Workers install the ‘perlins,’ or the horizontal crossbars, that go over the racks. The solar panels will be installed over the perlins, and that work could start as early as this week.  (Lee Zion/Capital Journal)

Work has begun on a new solar energy farm at the Pierre Regional Airport. 

The project, approved by the City Commission in May, is expected to be the biggest solar energy project in South Dakota and sort of pilot project for ramping up solar power in the region.

The project is visible from North Airport Road, near the rural fire station. There will be 11 rows of solar panels, each 500 feet long, and another two shorter rows of 400 feet.

The whole project will generate 1 megawatt of power, or just about 3 percent of Pierre’s needs, said Leon Schochenmaier, city administrator.

Construction began earlier this month on the project that includes the panels, the framework holding them in place, the wires to connect them, and a transformer, Schochenmaier said.

The whole project could be complete and delivering power by the end of the September, Schochenmaier said.

“That will be hooked directly into the city’s electrical system.” he said.

This is the first solar project for Missouri River Energy Services, out of Sioux Falls, which provides about 40 percent of the city’s wholesale electrical power. The project is funded entirely by MRES, he said.

Solar panels generate electricity only when the sun is shining. But the array can provide energy during times of peak power demand in the summer.

MRES approached the city with the idea. They studied three communities — Pierre, Vermillion and Dennison, Iowa — and decided that Pierre was the most suitable. When MRES asked what would be the best place to site the project, the city selected the airport, Schochenmaier said.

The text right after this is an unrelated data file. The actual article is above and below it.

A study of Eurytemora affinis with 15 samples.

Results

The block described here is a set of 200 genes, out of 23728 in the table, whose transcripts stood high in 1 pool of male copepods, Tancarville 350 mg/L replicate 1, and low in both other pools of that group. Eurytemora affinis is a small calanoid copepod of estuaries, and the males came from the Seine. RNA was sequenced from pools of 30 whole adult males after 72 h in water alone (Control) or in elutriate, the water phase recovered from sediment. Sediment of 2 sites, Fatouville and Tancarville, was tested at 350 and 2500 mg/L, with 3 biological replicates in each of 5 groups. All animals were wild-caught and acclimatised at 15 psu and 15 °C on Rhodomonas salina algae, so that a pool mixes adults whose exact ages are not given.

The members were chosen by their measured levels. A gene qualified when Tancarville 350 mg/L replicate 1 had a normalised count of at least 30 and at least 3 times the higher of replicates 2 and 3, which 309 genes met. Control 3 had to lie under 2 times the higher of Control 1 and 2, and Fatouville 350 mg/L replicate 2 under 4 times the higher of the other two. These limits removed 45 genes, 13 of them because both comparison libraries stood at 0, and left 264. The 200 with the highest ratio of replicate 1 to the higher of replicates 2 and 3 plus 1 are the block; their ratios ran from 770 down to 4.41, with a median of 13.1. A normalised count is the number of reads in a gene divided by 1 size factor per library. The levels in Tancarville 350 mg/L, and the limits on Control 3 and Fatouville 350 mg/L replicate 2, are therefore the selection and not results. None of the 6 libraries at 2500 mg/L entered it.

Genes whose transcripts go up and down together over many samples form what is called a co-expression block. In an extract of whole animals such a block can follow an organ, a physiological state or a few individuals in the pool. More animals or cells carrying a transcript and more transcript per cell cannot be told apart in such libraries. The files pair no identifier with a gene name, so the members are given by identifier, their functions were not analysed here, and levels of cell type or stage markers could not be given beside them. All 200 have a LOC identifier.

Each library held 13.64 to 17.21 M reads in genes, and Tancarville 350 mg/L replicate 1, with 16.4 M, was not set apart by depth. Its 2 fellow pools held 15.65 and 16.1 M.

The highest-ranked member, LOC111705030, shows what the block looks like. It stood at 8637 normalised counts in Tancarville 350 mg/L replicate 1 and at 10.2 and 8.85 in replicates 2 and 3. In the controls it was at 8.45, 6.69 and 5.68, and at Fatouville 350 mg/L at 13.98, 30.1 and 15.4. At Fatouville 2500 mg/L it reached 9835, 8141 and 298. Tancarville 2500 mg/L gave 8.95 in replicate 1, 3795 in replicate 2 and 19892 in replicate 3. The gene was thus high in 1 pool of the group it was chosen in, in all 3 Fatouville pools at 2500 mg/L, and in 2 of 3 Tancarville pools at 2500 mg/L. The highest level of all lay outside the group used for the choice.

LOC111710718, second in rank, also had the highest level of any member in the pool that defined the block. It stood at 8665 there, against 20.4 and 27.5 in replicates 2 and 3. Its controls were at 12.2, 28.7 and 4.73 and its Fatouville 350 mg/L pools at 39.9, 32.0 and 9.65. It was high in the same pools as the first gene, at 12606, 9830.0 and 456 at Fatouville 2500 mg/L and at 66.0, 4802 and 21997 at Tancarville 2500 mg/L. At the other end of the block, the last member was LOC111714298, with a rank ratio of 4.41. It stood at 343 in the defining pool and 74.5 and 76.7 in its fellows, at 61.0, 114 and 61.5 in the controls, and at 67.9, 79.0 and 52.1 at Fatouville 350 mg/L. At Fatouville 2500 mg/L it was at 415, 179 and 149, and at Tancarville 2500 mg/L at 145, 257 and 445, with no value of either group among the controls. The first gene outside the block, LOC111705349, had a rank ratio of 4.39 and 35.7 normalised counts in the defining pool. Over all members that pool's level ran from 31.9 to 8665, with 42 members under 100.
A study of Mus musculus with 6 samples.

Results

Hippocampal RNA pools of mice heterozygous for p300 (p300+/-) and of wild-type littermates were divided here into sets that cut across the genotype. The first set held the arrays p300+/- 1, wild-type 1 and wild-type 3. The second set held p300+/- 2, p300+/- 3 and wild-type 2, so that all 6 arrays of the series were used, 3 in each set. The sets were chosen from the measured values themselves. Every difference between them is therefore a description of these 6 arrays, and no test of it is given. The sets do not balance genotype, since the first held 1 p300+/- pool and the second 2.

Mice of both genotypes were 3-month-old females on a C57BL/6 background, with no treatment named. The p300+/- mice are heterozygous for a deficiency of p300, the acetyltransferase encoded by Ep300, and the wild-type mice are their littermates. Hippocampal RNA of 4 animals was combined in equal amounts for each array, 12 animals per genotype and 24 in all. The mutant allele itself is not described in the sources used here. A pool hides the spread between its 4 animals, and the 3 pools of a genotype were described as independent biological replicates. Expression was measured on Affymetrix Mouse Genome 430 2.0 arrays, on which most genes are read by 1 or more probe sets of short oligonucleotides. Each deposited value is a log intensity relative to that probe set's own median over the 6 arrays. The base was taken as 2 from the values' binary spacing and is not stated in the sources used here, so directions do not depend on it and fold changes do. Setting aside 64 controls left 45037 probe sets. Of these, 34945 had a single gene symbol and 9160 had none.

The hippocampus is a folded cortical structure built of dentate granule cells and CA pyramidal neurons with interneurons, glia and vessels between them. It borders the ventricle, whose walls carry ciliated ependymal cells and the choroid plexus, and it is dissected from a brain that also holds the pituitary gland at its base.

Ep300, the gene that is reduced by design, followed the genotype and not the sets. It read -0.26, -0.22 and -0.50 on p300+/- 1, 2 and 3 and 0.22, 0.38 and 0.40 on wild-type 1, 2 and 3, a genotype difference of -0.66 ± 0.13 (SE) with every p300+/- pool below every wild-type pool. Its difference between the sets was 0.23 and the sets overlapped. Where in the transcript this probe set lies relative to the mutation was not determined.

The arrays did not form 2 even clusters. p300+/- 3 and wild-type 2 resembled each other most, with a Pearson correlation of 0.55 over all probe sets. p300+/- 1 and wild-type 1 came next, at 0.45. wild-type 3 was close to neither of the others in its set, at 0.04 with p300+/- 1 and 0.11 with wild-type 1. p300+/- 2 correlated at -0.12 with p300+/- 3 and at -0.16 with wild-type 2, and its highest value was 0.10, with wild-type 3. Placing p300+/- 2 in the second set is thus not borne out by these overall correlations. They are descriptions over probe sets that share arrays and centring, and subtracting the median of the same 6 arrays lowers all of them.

Dwight Jelle, with Best Power International, said his company is working with MRES, Geronimo Energy, and the city of Pierre, said the array, at 1 megawatt, will produce 1,930 megawatt-hours of energy every year. Best Power will operate the facility.

A megawatt is the amount of power, while a megawatt-hour, as the name implies, is how much power is generated over time. One megawatt, generated over an hour, equals one megawatt-hour, he said.

Jelle added that 1,930 megawatt-hours is roughly the amount of energy used by 200 homes, 24 hours a day, for a full year.

Providing that energy through solar instead of fossil fuels will remove about 1,500 tons of carbon dioxide from the air a year — the pollution equivalent of 3 million miles driven in the average passenger vehicle, Jelle said.

This is MRES’s first solar project, and the largest solar project in South Dakota, he said.

Jelle added that the airport land was set aside as a safety zone, and the land could not be used for anything else — except a project like this.

“It’s an excellent location. It’s an excellent site for solar energy. It slopes down to the south, and it’s wide open. There’s no shading involved with any parts of the facility,” he said.

Jelle said the University of South Dakota will conduct a study on Pierre’s solar array to determine how much energy is produced, and how the benefit the project is to the community.

“It’s a great opportunity. The city of Pierre is excited about it. We’re obviously excited to get it built,” he said.

Tim Griffin, vice president of construction for Fagen Inc., said the project will occupy about 10 acres of land. Each panel is 39 inches by 77 inches. There are 4,280 panels total, so that’s about 89,256 square feet of panels. That works out to slightly more than 2 acres, not counting the space between the rows, he said.

Each of those 4,280 panels can generate up to 315 watts of energy, Griffin said.

This is Griffin’s first solar power array. He is working on another project in the area — the ethanol plant in Onida — and was asked to help this project because he was already in the area.

Fagen has built about two-thirds of the ethanol plants nationwide. It is the largest green energy contractor in the United States, Griffith said.

Griffith says solar is a growing industry, and he’s bullish on alternative energy.

“We bet our business on it. That is our business — green energy.”

Staff writer Stephen Lee contributed to this report.